Police in Lincolnshire launch major offensive to stamp out illegal hare coursing
A COUNTY wide operation is being launched this month to target those who take part in the illegal and cruel pursuit of hare coursing across Lincolnshire. Operation Galileo is a dedicated response to stamping out hare coursing across the county. Lincolns
A COUNTY wide operation is being launched this month to target those who take part in the illegal and cruel pursuit of hare coursing across Lincolnshire.
Operation Galileo is a dedicated response to stamping out hare coursing across the county.
Lincolnshire Police's Wildlife Crime Officer PC Nigel Lound, who for many years has been instrumental in tackling the illegal activity, will be leading the robust offensive and working closely with the National Farmers Union and the county's farmers, landowners and gamekeepers to ensure the operation's success.
Between September 2008 and March 2009 there were in excess of nine hundred reports of hare coursing received by Lincolnshire Police alone.
The operation is supported by the UK National Wildlife Crime Unit, which has recently appointed a former detective as a Poaching Priority Officer. Hare coursing was totally outlawed following the implementation of the Hunting Bill in February 2005.
"A number of letters have already been sent out to known regular offenders warning them that, should they enter Lincolnshire for the illegal purpose of coursing hares, then they will be actively targeted," warned PC Lound.
Any individual who enters Lincolnshire to pursue hare coursing will face immediate arrest, have their vehicles and dogs seized and face a court appearance. This could further result in seized vehicles being disposed of, individuals being banned from driving and also receiving a tough fine.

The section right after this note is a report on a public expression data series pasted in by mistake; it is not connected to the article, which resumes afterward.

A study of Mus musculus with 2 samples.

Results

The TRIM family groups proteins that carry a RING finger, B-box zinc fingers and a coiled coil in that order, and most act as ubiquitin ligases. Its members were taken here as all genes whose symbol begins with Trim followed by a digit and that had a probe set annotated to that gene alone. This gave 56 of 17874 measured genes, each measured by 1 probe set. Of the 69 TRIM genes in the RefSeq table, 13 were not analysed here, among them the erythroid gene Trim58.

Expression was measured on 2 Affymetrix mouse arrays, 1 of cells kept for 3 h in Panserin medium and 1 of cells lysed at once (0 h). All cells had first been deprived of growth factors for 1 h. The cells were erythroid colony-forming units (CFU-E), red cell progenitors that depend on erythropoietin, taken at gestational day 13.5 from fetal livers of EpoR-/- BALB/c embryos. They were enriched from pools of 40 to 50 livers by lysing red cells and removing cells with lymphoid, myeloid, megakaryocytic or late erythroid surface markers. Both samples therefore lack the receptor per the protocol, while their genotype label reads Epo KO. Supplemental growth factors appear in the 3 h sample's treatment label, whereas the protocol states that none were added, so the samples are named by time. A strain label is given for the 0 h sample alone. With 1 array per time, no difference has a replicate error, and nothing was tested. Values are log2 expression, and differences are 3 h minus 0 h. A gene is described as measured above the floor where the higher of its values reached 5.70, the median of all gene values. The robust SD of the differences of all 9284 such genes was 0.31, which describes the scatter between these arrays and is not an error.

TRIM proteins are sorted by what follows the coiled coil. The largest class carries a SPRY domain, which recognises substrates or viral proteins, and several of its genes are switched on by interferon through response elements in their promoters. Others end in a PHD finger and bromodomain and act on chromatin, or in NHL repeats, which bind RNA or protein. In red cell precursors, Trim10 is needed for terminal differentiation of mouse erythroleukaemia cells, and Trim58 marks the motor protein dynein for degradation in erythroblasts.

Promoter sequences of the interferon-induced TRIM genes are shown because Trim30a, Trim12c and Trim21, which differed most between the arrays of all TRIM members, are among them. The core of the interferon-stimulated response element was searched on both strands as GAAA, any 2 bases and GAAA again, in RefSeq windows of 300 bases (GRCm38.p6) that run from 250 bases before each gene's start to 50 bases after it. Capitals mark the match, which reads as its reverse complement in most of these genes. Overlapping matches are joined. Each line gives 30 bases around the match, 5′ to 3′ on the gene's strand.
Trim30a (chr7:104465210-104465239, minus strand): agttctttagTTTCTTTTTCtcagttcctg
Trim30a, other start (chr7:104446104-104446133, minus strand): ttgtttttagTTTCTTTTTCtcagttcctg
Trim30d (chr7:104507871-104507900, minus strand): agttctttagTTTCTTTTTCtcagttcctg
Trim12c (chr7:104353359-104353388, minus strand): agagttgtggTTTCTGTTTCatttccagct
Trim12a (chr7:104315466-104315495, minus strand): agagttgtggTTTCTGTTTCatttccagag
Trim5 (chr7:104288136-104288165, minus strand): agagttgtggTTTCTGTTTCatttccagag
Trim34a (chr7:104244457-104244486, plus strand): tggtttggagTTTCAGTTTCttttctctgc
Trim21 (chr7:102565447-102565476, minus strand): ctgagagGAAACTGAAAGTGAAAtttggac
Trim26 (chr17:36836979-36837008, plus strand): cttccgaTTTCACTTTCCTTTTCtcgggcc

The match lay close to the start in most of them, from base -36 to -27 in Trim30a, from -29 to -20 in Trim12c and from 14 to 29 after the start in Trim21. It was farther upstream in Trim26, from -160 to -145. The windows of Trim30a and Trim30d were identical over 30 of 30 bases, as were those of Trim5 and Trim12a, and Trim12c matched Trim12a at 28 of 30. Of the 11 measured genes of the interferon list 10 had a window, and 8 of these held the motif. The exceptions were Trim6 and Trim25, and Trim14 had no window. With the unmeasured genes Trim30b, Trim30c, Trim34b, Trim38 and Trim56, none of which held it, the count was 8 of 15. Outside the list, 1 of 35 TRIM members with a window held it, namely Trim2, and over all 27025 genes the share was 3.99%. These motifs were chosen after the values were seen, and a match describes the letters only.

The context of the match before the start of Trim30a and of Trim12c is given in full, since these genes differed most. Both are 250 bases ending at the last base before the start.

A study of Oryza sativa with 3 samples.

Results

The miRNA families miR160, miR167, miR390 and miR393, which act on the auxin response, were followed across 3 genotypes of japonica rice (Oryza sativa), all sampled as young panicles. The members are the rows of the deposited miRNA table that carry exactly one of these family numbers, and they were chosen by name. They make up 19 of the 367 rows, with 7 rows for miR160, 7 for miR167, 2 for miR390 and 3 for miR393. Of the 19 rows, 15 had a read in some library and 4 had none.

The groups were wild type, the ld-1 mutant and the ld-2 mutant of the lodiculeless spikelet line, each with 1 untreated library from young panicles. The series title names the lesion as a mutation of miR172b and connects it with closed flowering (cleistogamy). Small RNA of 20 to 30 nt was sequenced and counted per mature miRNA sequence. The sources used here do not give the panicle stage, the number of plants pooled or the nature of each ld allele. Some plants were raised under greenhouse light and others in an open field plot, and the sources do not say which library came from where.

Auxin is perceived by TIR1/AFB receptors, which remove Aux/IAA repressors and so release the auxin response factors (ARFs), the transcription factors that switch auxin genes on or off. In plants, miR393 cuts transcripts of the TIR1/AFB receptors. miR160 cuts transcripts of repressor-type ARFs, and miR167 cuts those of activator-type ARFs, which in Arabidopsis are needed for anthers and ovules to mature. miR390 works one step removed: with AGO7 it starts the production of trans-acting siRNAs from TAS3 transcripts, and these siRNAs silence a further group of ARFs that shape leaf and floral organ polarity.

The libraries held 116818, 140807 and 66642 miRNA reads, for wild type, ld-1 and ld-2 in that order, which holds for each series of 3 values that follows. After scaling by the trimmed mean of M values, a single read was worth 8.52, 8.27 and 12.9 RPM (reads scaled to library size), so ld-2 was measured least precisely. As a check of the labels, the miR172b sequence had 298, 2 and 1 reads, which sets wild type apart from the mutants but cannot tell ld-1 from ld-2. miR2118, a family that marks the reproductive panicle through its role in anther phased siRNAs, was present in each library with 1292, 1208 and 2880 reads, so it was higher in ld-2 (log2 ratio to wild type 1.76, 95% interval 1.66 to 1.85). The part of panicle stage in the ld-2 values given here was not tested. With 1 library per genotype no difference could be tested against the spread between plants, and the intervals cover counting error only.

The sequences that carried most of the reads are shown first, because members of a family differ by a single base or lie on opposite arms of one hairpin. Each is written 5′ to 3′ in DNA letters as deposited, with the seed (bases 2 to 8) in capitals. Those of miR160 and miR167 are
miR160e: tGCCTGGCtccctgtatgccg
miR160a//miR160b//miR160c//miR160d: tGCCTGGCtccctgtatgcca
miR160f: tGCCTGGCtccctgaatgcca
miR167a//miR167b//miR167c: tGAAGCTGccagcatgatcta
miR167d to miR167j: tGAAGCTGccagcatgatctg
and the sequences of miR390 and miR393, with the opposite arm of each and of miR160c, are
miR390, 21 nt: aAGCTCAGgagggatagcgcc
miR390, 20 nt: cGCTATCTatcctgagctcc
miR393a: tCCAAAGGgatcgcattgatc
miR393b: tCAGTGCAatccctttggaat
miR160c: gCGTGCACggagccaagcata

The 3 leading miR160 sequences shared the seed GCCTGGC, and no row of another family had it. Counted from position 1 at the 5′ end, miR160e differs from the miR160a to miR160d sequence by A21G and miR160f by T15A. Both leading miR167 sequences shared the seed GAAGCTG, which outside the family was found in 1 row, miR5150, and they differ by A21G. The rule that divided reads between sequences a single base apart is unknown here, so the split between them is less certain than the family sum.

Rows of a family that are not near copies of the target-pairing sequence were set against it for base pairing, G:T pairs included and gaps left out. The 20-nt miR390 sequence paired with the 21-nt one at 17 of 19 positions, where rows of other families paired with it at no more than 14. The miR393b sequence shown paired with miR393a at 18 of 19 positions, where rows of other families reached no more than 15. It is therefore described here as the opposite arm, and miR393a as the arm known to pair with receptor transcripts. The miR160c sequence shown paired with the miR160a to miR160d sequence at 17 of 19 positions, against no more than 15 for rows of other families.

One reason Lincolnshire is targeted by hare coursers is partly due to the fact that the county shares around 25% of the brown hare population with Cambridgeshire and Norfolk, spread across only 5% of the UK's land.
PC Lound explained, "For us to effectively implement this operation it is essential that people living in rural communities work with us, by reporting all incidents to the police, so we are aware of the full picture and can therefore increase our effectiveness."
He finished by warning "It is a fact that some of the individuals involved in hare coursing have criminal records, so their presence inevitably increases the fear of crime amongst country folk living in rural areas. We will do all we can to provide a highly visible policing presence to assist with reducing the fear of crime and take immediate action to reports of hare coursing.
"By doing this and intercepting those intent on hare coursing as they enter the county, we hope to see a huge reduction in the number of offences reported this winter.